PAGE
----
Commentary

Change (and Love) is in the Air

By Blair Jackson |

(AP Photo/The Dallas Morning News, Brad Loper) Dale Robinson waves his flag for people driving by a rally of the Dallas LGBT Community to applaud President Obama's stance on Gay marriage.

Only eight months after “Don’t Ask, Don’t Tell” was lifted, President Barack Obama has announced that he personally endorses gay marriage. The president’s “coming out” as a supporter of gay marriage, has come after a longstanding opposition that the President described as an evolving stance.

Obama’s public support of gay marriage comes at an interesting time. While many social conservatives and evangelical Americans are vocally resisting the idea of gay marriage, the GOP is beginning to recognize that being queer isn’t so queer after all.

A GOP memo that dropped last week stated the following: “Support for same sex marriage has been growing and in the last few years support has grown at an accelerated rate with no sign of slowing down.” The memo also cites that public support for same sex marriage currently outweighs the opposition by almost 10 percent.

The memo goes on, suggesting different spins for GOP representatives who want to begin changing their stance. The memo recommends a statement reflecting the following attitude:

“People who believe in equality under the law as a fundamental principle, as I do, will agree that this principle extends to gay and lesbian couples; gay and lesbian couples should not face discrimination and their relationship should be protected under the law.  People who disagree on the fundamental nature of marriage can agree, at the same time, that gays and lesbians should receive essential rights and protections such as hospital visitation, adoption rights, and health and death benefits.”

The memo was written by Jan van Lohuizen, former pollster for George W. Bush. The statement does not endorse gay marriage, but takes an incredible stride in acknowledging that equality is a basic right for all Americans and also touches on the humanitarian issues that many same sex couples face without state-approved civil unions or domestic partnerships.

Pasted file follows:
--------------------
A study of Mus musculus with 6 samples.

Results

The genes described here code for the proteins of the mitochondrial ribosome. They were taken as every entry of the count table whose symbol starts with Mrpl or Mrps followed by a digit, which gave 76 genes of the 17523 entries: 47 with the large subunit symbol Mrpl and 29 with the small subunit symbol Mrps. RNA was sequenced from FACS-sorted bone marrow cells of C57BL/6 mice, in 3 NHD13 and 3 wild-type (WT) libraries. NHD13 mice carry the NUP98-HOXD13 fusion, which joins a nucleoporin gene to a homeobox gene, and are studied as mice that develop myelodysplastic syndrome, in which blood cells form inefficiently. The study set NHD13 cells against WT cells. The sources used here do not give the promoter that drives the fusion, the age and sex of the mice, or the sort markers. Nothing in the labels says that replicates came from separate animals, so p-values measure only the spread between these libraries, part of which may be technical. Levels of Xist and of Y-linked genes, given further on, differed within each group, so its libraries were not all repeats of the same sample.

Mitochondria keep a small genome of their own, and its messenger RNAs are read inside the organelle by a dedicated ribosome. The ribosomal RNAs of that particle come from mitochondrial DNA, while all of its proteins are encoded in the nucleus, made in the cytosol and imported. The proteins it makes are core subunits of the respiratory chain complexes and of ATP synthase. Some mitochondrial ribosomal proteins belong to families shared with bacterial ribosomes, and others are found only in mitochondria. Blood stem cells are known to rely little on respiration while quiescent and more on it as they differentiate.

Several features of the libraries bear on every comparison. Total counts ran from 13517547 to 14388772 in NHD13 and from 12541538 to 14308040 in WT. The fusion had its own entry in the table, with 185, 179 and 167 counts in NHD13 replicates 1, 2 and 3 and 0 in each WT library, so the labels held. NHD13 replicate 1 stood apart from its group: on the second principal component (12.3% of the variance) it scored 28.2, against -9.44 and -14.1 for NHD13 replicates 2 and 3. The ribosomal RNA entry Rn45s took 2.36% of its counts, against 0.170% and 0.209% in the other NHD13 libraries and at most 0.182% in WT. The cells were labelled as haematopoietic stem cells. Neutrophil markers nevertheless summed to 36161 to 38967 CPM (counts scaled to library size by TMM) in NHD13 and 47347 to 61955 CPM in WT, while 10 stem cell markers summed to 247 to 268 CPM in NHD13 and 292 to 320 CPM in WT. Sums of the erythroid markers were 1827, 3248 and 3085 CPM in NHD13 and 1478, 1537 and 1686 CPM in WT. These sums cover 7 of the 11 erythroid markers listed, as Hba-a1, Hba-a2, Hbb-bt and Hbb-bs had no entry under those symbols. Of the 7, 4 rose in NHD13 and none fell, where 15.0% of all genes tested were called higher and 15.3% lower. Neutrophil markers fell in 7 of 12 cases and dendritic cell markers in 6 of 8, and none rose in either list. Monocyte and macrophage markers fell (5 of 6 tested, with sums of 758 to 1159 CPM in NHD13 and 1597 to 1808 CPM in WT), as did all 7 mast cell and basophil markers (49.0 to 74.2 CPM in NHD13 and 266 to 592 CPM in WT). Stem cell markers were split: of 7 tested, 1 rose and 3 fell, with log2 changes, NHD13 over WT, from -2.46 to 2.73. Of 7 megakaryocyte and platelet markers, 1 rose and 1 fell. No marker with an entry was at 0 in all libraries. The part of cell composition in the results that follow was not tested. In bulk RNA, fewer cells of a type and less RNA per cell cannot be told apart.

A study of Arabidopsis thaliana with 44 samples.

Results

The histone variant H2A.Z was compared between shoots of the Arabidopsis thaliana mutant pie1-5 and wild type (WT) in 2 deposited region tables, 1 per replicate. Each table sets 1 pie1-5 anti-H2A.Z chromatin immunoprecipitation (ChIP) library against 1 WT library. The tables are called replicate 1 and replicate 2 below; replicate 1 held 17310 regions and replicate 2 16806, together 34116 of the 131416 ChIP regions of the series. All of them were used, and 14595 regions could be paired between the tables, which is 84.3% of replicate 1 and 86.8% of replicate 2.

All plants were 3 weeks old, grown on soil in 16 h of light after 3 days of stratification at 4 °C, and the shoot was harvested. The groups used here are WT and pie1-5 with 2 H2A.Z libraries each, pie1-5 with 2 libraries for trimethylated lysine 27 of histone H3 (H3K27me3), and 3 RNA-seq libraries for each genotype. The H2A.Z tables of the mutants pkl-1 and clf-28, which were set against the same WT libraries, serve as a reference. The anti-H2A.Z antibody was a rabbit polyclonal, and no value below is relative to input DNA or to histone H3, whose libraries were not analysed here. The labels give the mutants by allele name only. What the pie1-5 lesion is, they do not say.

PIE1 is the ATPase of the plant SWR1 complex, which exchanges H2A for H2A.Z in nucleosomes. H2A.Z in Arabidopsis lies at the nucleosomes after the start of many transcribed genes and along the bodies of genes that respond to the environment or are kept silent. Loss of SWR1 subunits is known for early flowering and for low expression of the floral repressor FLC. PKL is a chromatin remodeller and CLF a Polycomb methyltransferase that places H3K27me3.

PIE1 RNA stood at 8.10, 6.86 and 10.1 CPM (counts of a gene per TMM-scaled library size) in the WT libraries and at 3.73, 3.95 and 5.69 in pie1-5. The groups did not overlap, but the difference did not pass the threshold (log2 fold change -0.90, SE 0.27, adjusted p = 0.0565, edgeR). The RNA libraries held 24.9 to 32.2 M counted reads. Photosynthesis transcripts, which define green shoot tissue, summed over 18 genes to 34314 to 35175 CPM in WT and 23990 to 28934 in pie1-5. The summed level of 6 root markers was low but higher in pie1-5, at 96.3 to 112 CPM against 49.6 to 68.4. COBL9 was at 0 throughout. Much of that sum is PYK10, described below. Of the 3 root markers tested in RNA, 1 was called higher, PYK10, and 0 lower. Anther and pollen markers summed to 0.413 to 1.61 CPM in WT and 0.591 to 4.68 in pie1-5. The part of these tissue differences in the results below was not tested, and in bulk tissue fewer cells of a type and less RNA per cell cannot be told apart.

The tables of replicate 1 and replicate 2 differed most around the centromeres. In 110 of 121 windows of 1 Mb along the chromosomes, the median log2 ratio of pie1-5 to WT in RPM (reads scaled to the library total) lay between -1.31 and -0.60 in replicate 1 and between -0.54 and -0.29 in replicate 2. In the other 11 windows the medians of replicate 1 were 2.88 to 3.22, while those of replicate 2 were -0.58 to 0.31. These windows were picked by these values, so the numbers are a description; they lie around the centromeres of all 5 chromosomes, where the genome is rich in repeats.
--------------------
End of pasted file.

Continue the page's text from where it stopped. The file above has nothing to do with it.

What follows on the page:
When Rick Santorum visited Northwest Arkansas last week, he said that President Obama handed Mitt Romney “a very powerful tool” by announcing his support for gay marriage; and others agree that Obama’s stance on gay marriage is exactly what the GOP candidate will need to galvanize the evangelical voting base.

It seems, however, that Romney is not yet interested in exploiting his opponent’s liberal stance. In a press conference, Romney reacted to Obama’s announcement by reiterating his “preference” for marriage as defined between a man and a woman. If the GOP follows Lohuizen’s advice — and if the public continues to support civil equality — we could see a shift in the party’s attitude in respect to the gay community. However, they would most likely step into the role of moderate supporters, attempting to find a middle ground between legally recognized unions and the traditional sanction of marriage.

But the fight is far from over. A few last ditch efforts to maintain the federal stronghold of the Defense of Marriage Act paired with the upcoming decision on California’s Proposition 8 will keep the momentum of the movement taught. The issue is evolving from recognizing that the LGBT community deserves basic rights to exploring how those rights will be recognized on a state and federal level.